COLUMBUS, Ohio (WCMH) – New technology is bringing years-old cold cases to life in an effort to get detectives and families closer to answers.

In August, NBC4 reported on how technology developed by animators at Ohio State University is helping the Ohio Bureau of Criminal Investigation reconstruct faces when unidentified human remains are found.

Using her iPhone, BCI Criminal Intelligence Analyst and Forensic Artist Sam Molnar takes photos of unidentified skeletal remains, then sends them to the graphics team at OSU, which uses a program to create 3D printed skulls. Molnar can then reconstruct the face of the deceased using clay on top of the 3D print without disturbing the original evidence.

The team has used this method to identify people who for years were only known as John or Jane Doe. Now, they are taking that technology to the next level.

A new program revealed Thursday by Attorney General Dave Yost, BCI and the Stark County Sheriff’s Department allows investigators to manipulate 3D scans of the reconstruction sculptures to create lifelike images.

Investigators can now share images of the same person with different features such as hairstyles, skin tones, age pressions or eye colors.

“Hopefully these multiple images or these multiple versions will generate somebody’s memory, and maybe they’ll call,” Molnar said.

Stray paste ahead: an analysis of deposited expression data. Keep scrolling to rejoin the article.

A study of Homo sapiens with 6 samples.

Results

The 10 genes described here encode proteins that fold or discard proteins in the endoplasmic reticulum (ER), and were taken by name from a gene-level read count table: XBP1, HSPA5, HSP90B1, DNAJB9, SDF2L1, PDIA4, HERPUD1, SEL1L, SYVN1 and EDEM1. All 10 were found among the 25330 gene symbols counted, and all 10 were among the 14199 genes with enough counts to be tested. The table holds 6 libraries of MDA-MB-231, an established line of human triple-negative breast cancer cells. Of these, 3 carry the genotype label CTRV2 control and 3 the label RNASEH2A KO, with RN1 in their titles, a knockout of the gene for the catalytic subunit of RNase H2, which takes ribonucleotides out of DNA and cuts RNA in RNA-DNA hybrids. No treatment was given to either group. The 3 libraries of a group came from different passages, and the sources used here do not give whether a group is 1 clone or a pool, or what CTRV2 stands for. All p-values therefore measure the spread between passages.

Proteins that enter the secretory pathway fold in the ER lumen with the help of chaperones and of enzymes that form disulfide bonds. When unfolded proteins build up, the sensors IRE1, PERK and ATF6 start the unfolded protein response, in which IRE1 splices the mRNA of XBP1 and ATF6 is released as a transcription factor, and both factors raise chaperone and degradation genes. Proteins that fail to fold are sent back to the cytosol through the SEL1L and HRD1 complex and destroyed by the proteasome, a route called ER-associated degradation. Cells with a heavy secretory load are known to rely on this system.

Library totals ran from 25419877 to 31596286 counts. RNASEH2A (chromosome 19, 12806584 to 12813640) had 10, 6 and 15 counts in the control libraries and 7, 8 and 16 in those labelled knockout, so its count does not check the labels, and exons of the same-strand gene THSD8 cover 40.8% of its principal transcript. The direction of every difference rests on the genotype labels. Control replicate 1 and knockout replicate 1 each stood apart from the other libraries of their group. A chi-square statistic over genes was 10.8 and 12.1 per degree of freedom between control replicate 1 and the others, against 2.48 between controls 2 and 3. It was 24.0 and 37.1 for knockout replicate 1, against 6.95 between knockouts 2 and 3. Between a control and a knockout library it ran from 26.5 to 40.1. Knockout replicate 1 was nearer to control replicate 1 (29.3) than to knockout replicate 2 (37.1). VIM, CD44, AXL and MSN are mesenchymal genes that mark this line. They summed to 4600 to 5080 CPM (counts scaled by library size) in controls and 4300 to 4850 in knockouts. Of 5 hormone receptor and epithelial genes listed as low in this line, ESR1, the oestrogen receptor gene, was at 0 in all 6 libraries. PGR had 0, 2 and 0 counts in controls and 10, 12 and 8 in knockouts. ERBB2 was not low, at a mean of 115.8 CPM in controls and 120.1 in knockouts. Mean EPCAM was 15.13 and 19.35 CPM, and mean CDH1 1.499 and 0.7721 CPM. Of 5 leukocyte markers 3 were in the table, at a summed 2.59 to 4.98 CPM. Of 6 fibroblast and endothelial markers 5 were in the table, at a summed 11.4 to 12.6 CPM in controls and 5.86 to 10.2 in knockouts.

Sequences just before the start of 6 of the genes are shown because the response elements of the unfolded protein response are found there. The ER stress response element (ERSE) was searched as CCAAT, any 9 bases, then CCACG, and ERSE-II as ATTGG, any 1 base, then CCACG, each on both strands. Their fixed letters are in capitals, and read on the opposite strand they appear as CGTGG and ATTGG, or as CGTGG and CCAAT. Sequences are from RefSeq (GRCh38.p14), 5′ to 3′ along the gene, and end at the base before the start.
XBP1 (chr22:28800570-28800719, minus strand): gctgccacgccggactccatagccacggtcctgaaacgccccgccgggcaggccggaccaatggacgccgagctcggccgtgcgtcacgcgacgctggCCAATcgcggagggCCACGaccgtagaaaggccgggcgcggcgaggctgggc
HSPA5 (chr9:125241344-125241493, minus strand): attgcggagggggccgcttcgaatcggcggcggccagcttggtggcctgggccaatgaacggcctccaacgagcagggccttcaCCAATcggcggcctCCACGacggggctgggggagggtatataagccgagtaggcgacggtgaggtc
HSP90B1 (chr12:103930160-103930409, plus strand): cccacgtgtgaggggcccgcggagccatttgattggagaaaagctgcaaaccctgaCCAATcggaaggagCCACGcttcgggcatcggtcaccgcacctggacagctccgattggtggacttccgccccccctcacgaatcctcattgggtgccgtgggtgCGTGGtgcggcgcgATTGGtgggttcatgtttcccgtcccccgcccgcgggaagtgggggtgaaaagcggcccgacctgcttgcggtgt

Using images created by the new program, BCI updated bulletins for two John Does from Stark County who have remained unidentified for years. The images are also allowing Stark County detectives to resume work on the dormant cases.

The first John Doe, whose remains were found in southeast Canton in December 2001, is described as a Black male between 20 and 44 years old. Investigators believe he’d been shot and that his remains had been exposed to the elements for four to six years.

Remains of the second John Doe, a white male likely between the ages of 30 and 50, were found near an oil well site in southeast Canton in March 2020. Investigators believe he had been dead for roughly two years before his remains were discovered.

“We owe it to the victims of our community. We owe it to the victims of crime to continue to pursue the closure of these cases,” Sheriff George Maier said. “We have not given up.”

If you recognize any of the images from the bulletins, contact BCI or the Stark County Sheriff’s Office.